Wholesale energy market
The wholesale energy market is where electricity and natural gas are bought to then be sold in large quantities. Customers purchase energy from suppliers who buy it from this market, meaning that shifts in the environment can alter your energy prices. With the energy market continuing to be a turbulent place due to global external factors, understanding the following terms can be beneficial:
- Market Price: The current cost of energy in the wholesale market, which fluctuates due to supply and demand.
- Hedging: Energy suppliers buy energy in advance (known as hedging) to match the demand of their customers. Similar to that of airlines, who hedge future fuel consumption to avoid spikes in oil prices. Energy hedging can protect suppliers and customers against unexpected price surges.
Supply and Demand
Energy prices are influenced by supply and demand dynamics. Here’s what you need to know:
- Peak Demand: The period when energy consumption is at its highest, typically during the day.
- Base Load: The minimum level of electricity demand, usually met by consistent energy sources.
- Capacity: The maximum amount of electricity that can be produced by a power station, measured in megawatts (MW).
As the UK moves towards cleaner energy sources, small businesses should be aware of these terms:
- Renewable Generation: Energy sources that are naturally replenished over time and will never run out. They produce less greenhouse gas emissions than fossil fuels that can’t be renewed. Examples of renewable generation include solar, wind, and hydro.
- REGOs (Renewable Energy Guarantees of Origin): Ofgem approved scheme to provide transparency to end users about the proportion of electricity that suppliers source from renewable generation. One REGO certificate is issued per megawatt hour (MWh) of eligible renewable output to generators of renewable electricity.
- Net Zero: refers to the balance between the amount of greenhouse gas (GHG) that’s produced and the amount that’s removed from the atmosphere. It can be achieved through a combination of emission reduction and emission removal.
Energy Market Participants
Understanding the key players in the energy market can help you make informed decisions:
- Suppliers: Companies that sell energy to end users.
- Generators: Produce energy including power stations and renewable energy facilities.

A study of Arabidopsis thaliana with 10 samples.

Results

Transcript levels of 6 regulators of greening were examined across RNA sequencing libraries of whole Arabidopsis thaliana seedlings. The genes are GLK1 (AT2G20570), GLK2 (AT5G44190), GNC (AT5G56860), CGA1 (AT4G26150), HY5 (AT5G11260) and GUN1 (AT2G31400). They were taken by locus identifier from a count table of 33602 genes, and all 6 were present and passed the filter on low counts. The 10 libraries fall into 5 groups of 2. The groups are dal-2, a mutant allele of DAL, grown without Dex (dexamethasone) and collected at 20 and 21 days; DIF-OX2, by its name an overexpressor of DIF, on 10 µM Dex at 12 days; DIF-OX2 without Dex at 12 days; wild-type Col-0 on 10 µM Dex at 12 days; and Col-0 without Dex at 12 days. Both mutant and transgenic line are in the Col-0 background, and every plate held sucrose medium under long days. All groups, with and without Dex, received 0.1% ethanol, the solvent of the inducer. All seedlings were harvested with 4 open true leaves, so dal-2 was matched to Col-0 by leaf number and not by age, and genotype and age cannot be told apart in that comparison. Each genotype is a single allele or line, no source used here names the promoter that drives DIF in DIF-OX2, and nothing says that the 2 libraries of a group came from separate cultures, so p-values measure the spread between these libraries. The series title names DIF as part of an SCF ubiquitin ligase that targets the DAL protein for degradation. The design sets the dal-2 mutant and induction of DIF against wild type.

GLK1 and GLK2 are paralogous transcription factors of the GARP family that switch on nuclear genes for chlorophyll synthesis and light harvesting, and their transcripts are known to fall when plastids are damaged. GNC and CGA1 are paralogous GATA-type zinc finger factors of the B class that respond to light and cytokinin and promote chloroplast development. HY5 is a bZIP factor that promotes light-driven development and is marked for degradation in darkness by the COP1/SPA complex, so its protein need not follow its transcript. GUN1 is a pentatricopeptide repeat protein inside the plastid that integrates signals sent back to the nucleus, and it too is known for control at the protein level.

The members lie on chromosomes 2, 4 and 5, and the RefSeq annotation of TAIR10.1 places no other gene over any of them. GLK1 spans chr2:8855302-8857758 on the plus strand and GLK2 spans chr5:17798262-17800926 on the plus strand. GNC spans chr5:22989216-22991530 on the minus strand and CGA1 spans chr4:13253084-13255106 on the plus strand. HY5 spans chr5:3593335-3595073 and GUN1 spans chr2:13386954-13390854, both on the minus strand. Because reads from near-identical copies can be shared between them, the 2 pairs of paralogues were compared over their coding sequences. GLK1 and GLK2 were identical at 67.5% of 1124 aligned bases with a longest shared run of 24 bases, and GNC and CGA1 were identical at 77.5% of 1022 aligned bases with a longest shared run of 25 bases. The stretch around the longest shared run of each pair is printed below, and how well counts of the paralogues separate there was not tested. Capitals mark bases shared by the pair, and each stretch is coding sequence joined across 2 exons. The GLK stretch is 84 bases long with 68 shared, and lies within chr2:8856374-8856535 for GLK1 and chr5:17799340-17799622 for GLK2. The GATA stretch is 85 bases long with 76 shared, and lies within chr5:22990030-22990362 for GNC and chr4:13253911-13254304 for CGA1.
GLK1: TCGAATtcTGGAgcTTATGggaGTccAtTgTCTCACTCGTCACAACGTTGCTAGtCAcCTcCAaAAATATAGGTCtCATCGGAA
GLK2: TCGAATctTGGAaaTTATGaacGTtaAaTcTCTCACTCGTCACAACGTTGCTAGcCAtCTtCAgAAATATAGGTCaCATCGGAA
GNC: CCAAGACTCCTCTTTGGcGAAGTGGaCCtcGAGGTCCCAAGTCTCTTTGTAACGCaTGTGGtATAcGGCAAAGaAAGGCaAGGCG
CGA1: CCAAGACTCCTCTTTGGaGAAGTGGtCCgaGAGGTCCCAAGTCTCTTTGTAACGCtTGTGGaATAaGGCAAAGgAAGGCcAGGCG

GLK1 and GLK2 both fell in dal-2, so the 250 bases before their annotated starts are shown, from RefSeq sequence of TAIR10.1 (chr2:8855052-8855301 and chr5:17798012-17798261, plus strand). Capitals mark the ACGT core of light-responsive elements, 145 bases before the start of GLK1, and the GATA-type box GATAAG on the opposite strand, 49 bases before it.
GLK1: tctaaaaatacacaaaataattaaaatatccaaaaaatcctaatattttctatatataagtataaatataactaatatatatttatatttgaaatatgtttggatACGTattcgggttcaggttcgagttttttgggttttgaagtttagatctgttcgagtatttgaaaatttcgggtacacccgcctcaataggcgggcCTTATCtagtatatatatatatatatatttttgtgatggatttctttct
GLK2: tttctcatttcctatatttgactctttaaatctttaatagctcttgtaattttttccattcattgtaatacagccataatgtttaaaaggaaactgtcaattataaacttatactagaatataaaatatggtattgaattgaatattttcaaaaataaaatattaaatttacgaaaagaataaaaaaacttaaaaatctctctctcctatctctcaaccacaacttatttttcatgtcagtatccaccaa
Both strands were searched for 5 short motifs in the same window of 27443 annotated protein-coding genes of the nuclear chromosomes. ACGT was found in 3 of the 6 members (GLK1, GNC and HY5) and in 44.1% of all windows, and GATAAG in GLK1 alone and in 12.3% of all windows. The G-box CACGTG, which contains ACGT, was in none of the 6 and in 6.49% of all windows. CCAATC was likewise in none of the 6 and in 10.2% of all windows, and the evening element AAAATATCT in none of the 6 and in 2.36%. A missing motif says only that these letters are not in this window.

- National Grid: System that transmits energy across the UK from generators and power stations.
- Grid Operator: Responsible for managing and balancing the electricity grid.
- Distribution: Final phase of delivering energy to the end user after generation and transmission.
- Fixed Rate Energy Tariff: this contract type locks your energy price for a specified period, usually ranging from 1-5 years, depending on the supplier product offering. This helps businesses protect themselves from market price fluctuations and control cashflow more predictably.
- Standard Variable Energy Tariff: variable energy contracts can rise and fall in cost each month depending on the market, this option offers flexibility without committing to a long-term contract but is often less cost-effective.
- Standing Charge: this is a fixed daily fee that you pay each day, covering the costs of supplying energy such as metering.
- Unit Rate: this is the actual rate paid for the consumption of energy measured in kilowatt hours (kWh). These will vary by meter type and region.
- Climate Change Levy (CCL): a government-imposed tax to encourage reduction in gas emissions and greater efficiency of energy used for business or non-domestic purposes.
The UK energy market is regulated to ensure fair practices and consumer protection. Alongside the government, some of the key players and terms include:
- Ofgem: The Office of Gas and Electricity Markets, the regulator for the electricity and gas markets in the UK.
- DESNZ (Department for Energy Security and Net Zero): Department of the UK Government that oversees all matters energy and net zero related. Formely know as Business, Energy and Industrial Strategy (BEIS).
Understanding wholesale energy market jargon is essential for small businesses in the UK looking to make informed decisions about their energy purchases. By familiarising yourself with these key terms, you can navigate the energy market with confidence and awareness of what impacts your bill, the market environment, and the tariffs you choose. Remember that the energy market is constantly changing and staying up to date is vital to potentially lower costs and work towards a more sustainable generation.